Squaw invests $4 million into snow programs

Squaw Valley Alpine Meadows has nearly tripled the size of its Gazex remote avalanche control system. Nicknamed dragons, the system uses propane and oxygen to create concussive blasts in order to cause avalanches.

Squaw Valley Alpine Meadows has nearly tripled the size of its Gazex remote avalanche control system. Nicknamed dragons, the system uses propane and oxygen to create concussive blasts in order to cause avalanches.

Squaw Valley Alpine Meadows is upping the ante for the 2017-18 ski and snowboard season with a $4 million investment in the resort’s snow safety program.

The resort has leased an Astar 350 B3 helicopter, purchased four new avalaunchers, and nearly tripled the size of the its Gazex remote avalanche control system, also known as dragons.

“When it’s all said and done, all these tools support us in being safe and efficient in what we do,” Ken Bokelund, Alpine Meadows Ski Patrol director, said in a statement. “We’re here to get the mountain open. That’s what we live for and we want to do it as safely and efficiently as possible. I’m really excited coming into the season with what we have available to us.”

After a record season of snowfall, Squaw Valley Alpine Meadows will come into the upcoming season more prepared for the Sierra Nevada’s big winter storms.

“Last season was a real challenge for us; we learned a lot. We received 728 inches during the season, and a lot of that came in January and February, so we got a big, heavy punch,” Will Paden, Squaw Valley Ski Patrol director, said in a statement.

“We did 56 days of avalanche control, which averages out to something like one out of every three days we showed up to work. For the newer folks on the patrol last year, just the sheer amount of avalanche control was a real learning experience for them.”

In order to deal with potential risks during heavy snow periods, the resort leased an Astar 350 B3 helicopter from Skydance Helicopters of Minden.

The helicopter will be used for avalanche control at both Squaw Valley and Alpine Meadows after major snow cycles, according to information from the resort, and will make the resort the only one in California, and one of a few in North America, to use a helicopter as part of its snow safety program.

The helicopter will be piloted by one or two professional Skydance pilots and staffed by specifically trained patrol team members, according to Squaw Valley Alpine Meadows Public Relations Director Liesl Hepburn, and will be equipped with baskets to transport ski equipment.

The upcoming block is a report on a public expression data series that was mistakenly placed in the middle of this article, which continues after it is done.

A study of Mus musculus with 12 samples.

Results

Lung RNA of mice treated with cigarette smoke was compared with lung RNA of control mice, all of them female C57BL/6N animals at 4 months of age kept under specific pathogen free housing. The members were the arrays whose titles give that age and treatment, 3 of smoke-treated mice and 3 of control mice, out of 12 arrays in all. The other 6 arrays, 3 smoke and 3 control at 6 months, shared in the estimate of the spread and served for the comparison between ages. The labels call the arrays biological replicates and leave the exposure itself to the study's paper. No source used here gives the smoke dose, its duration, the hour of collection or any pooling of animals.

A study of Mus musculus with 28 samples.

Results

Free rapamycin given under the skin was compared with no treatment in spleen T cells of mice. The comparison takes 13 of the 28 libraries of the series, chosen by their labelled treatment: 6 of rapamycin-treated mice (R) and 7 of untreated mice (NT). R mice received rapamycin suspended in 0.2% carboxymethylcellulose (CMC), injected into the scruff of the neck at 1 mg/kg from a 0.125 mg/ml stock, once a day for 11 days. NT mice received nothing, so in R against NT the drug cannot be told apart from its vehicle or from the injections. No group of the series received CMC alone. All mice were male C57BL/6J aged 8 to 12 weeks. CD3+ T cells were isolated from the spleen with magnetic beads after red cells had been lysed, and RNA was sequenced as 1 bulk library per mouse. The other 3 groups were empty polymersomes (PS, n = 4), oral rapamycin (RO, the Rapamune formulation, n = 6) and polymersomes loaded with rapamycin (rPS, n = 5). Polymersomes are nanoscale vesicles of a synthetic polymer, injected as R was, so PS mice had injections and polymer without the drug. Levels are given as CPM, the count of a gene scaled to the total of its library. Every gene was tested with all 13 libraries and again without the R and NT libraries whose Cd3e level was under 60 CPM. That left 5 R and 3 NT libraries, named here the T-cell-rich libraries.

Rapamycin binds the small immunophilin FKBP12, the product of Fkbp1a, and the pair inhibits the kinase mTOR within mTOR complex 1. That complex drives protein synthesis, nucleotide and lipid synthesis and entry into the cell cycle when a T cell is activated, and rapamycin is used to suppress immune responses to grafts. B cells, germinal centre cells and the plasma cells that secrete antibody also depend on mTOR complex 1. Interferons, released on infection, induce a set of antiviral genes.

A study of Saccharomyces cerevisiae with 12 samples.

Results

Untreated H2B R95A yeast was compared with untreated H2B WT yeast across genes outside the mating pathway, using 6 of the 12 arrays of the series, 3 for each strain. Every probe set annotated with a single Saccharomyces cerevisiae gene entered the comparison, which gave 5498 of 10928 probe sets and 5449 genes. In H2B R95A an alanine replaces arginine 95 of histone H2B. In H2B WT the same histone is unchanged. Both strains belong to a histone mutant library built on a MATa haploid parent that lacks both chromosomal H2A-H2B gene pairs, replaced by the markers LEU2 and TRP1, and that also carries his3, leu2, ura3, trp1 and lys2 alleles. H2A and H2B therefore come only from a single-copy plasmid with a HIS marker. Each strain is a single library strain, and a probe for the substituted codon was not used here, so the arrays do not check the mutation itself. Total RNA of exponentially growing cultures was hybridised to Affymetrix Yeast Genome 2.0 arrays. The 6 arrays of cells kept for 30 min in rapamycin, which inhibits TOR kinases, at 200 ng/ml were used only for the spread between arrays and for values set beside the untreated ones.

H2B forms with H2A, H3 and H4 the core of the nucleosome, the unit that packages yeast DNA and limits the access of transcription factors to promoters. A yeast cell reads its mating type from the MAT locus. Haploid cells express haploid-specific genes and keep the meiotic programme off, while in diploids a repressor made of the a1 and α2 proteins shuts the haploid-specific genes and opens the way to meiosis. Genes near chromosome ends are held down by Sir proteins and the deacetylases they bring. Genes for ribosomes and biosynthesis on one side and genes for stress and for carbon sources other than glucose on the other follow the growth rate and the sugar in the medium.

The helicopter will be onsite at Squaw during the high season, but will be available to be called up from Minden if necessary.

Fire Breathing Dragons

Squaw Valley Alpine Meadows has also installed 13 new Gazex remote avalanche control systems. The systems explode an oxygen/propane gas mixture, which creates a concussive blast to remotely trigger avalanches.

Squaw Valley Alpine Meadows became the first California resort to install the technology, according to a statement from the resort, when it utilized the dragons in 2015.

The resort will have eight new dragons placed near the ridge above Alpine Meadows Road and five within the resort’s boundaries, which gives the resort the largest system in use at any ski resort in North and South America.

“What’s great about the dragons is we can set them off at any time. So we don’t have to wait for light, we can do it in the middle of the night. Groomers can keep grooming safely at night and help keep work roads open so the rest of the team can access the mountain too,” Bokelund said.

“This is a big advantage on Alpine Meadows Road, too. We can set them off routinely as the snow piles up, during times when our guys and gals can’t access those areas safely. We’ll be able to maintain access on Alpine Meadows Road more safely and efficiently: it’s exciting for our guests and staff, and our neighbors.”


Squaw Valley Alpine Meadows will introduce two new avalaunchers each at Squaw and Alpine. The avalaunchers use compressed nitrogen to fire an explosive projectile in order to trigger avalanches and control snowpack from a safe distance.

Alpine Meadows has traditionally used avalaunchers, according to the resort, but this season will be the first in many years that Squaw Valley will use them.

“We’ve seen how they’ve worked at Alpine, and we’re sold on it. The technology has really come a long way,” Paden said.

“I think for us it’s going to be a very defensive tool, meaning that during big storms we’ll be able to shoot it late in the day to mitigate for the safety of our patrollers so the next day when they go in, we’ve already done control work on there.”

Elite training

During the summer and fall months, Squaw Valley Alpine Meadows sent leaders from its mountain operations departments to train with the Karakoram Group, which comprised seasoned special operations professionals and veterans from elite organizations that have helped lead the fight on the global war on terror.

Members of the resort’s lift operations, lift maintenance, grooming, ski patrol, and snow-making departments have been working with the Karakorum Group to identify ways in which they can optimize their operations. “The mountain operations mindset is similar to that of a Navy Seal: high-adrenaline and self-challenging,” Dave Cooper, founder, chief strategy officer and chief of operations for Karakoram Group, said in a statement.

“They work in a complex and challenging environment, from lift maintenance hammering rime ice off lift towers, to groomers winching their cats up terrifically steep slopes, to ski patrol hiking along ridge lines to perform snow control. They are passionate about what they do and they hold themselves and their teams accountable.”

Squaw Valley Alpine Meadows said it will employ more than 2,600 people for the 2017-18 season, which would be the most in resort history.